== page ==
By Edward Nawotka
Back in the 20th century, visions of the future included people zooming around sleek cities with their own personal jet packs. Alas, that vision has yet to be realized. Has publishing yet seen a whiz-bang technology with the “wow” factor we need to propel the book itself into the future?
Innovation is a buzzword that gets thrown around a lot in publishing, but wanton use of the word has diminished it. What does publishing innovation really look like? Is it, as some would have you believe, adding perforations to coloring books? Adding live web links inside book apps? Or perhaps using 3D printing to produce book covers?
Yes, all of those new ideas are interesting in their own way, but none of them are, as many a hyperbolic startup company has over-promised, truly “disruptive.”
What publishing really needs is the proverbial “jet pack,” the space-age innovation that will propel books and reading culture into the next era.
This year in November the Dutch aim to give it a shot. This summer, the Dutch Publishers Association put out a call to startups around the world to submit proposals for their “Renew the Book” project.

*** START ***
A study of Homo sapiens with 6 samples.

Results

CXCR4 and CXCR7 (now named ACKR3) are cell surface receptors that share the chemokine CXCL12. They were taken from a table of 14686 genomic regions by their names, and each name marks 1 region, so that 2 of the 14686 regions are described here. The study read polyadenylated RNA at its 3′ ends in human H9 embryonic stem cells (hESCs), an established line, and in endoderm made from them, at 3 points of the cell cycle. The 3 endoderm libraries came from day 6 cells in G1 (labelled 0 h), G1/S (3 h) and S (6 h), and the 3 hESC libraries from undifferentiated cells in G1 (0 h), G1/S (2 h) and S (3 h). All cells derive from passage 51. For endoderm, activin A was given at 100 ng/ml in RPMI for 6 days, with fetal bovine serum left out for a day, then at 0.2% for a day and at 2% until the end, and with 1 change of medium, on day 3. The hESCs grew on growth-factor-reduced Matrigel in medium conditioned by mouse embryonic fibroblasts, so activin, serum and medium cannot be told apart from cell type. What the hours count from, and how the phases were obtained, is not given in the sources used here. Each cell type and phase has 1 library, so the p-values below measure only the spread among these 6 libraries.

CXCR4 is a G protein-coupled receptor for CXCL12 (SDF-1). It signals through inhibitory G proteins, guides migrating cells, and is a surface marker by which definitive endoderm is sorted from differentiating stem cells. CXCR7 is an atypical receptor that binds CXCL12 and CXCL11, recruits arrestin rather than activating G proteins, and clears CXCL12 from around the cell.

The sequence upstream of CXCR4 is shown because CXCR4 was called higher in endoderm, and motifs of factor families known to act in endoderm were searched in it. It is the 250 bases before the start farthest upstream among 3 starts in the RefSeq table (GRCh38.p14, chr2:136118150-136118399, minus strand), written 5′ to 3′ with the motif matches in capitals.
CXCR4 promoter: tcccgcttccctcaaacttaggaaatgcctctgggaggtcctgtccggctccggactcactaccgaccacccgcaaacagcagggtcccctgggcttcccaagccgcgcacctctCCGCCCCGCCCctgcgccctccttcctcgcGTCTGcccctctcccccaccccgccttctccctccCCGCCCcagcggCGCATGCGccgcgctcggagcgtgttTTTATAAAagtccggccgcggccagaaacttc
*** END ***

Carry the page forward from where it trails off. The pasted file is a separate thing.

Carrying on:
Under the program, five companies will be invited this November to live and work in Amsterdam for 40 days, all expenses paid, to collaborate with publishers and come up with new ideas to address how people will develop, distribute and devour books in the future. At the end of the project, one winner will be awarded 15,000 euros to implement their idea.
“It is like an extended hackathon, all expenses paid, with a big prize at the end,” Martijn David, Secretary General of the Association, told me yesterday in the Frankfurt Book Fair’s Business Club (the Fair’s own recent innovation).
The selected projects will be announced later this month. Next year, you’re guaranteed to see the winning project on display here in Frankfurt, when the Netherlands and Flanders take the spotlight as the 2016 Guest of Honor.
Maybe, just maybe, publishing will finally find its “jet pack.”